Church for the Skaters


Assemblies of God U.S. Missions Chaplaincy Ministries missionary associate Paul D. Lewandowski ministers to skateboarders in Portland, Oregon, through First Love. The skateboarding ministry launched in 2019 through Portland Christian Center (PCC).

Portland is considered the nation’s most unchurched city. About 42 percent of residents in the City of Roses self-identify as religiously unaffiliated, according to a Public Religion Research Institute survey.

PCC lead pastor Ray M. Noah says Lewandowski reaches out to a unique culture in Portland: the skate community.

“Using his own skills and passions as a skater, Paul launched a church for skaters that is now reaching people where they are,” Noah says. “He is embedding himself as a missionary in this unique community, learning their culture and language, sharing the gospel in their setting through skate nights, and seeing young skaters and their families brought to faith in Jesus Christ.”

A former Portland Parks & Recreation skateboard instructor, Lewandowski, 45, became an ordained AG minister because he felt a calling to do more to be a conduit so that people could find Jesus.

“Being a skateboarding instructor was actually what turned the light on for me to start a ministry and begin dreaming of something bigger,” says Lewandowski, who became a Christian in his 20s. “A light bulb went off that skateboarders need a skateboarding pastor.”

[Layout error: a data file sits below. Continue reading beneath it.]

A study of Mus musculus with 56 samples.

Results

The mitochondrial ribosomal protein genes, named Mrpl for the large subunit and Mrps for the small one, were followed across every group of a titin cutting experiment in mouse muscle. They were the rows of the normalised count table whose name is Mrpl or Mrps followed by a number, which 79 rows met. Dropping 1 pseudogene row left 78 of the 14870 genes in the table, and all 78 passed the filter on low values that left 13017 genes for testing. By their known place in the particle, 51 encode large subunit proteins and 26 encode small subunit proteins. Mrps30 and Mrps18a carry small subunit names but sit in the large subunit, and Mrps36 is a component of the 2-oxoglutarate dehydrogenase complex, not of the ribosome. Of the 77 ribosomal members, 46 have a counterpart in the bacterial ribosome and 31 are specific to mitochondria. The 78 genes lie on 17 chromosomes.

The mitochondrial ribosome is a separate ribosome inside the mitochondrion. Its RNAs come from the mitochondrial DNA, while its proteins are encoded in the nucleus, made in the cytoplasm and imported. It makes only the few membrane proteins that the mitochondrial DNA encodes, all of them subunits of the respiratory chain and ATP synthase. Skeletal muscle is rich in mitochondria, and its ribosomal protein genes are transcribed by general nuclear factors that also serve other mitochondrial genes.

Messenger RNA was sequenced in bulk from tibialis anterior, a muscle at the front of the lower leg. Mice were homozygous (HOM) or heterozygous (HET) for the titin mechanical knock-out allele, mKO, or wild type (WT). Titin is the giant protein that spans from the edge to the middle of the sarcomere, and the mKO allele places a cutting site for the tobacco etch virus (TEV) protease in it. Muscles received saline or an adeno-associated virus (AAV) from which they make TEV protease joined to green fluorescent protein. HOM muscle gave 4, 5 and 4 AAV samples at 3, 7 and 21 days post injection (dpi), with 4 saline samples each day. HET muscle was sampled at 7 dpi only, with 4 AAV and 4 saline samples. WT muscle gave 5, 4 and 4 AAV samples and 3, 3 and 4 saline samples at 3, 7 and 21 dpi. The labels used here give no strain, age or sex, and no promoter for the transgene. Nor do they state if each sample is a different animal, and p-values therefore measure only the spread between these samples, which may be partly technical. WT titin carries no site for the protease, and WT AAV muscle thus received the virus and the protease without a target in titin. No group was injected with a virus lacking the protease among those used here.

Lewandowski’s wife, Heather, and their three children — Hayden, 16; Pippi, 13; and Harper, 9 — all are active participants of First Love.

Heather, 43, grew up in a Christian home and her father, Danny L, Briles, was an AG pastor. She wonders what Hayden would be like if not part of a Christian family.

“If he didn’t grow up in our family, who would be there to introduce him to Jesus?” she asks.

The ministry holds weekly Skate Night outreaches in PCC’s gym. More than 120 youths heard the gospel through First Love outreaches during its recently concluded inaugural year. Last year, a donor gave money for skateboards for foster kids who attended the Royal Family Kids Camp, and one of them started coming to the skate nights, Lewandowski says.

Judy Reetz, 72, notes that her 13-year-old grandson, Lewis, loves to go to Skate Nights. He recently accepted Christ at Lewandowski’s invitation.

”Paul's ministry has reignited our prayers for the young and given us a fresh hope that God will bring more young people to minister to our young teens,” says Reetz, who pastored a Pentecostal church with her husband, Keith, for more than 50 years. “They won't step into a church, but skateboarding is cool. We're so grateful for the impact Paul's ministry has had on our grandson and other kids.”

Joe Gruber, 49, a professional skateboarder, notes that Portland has thousands of skateboarders who don’t know Jesus.

“Paul and his team at First Love are changing that,” Gruber says.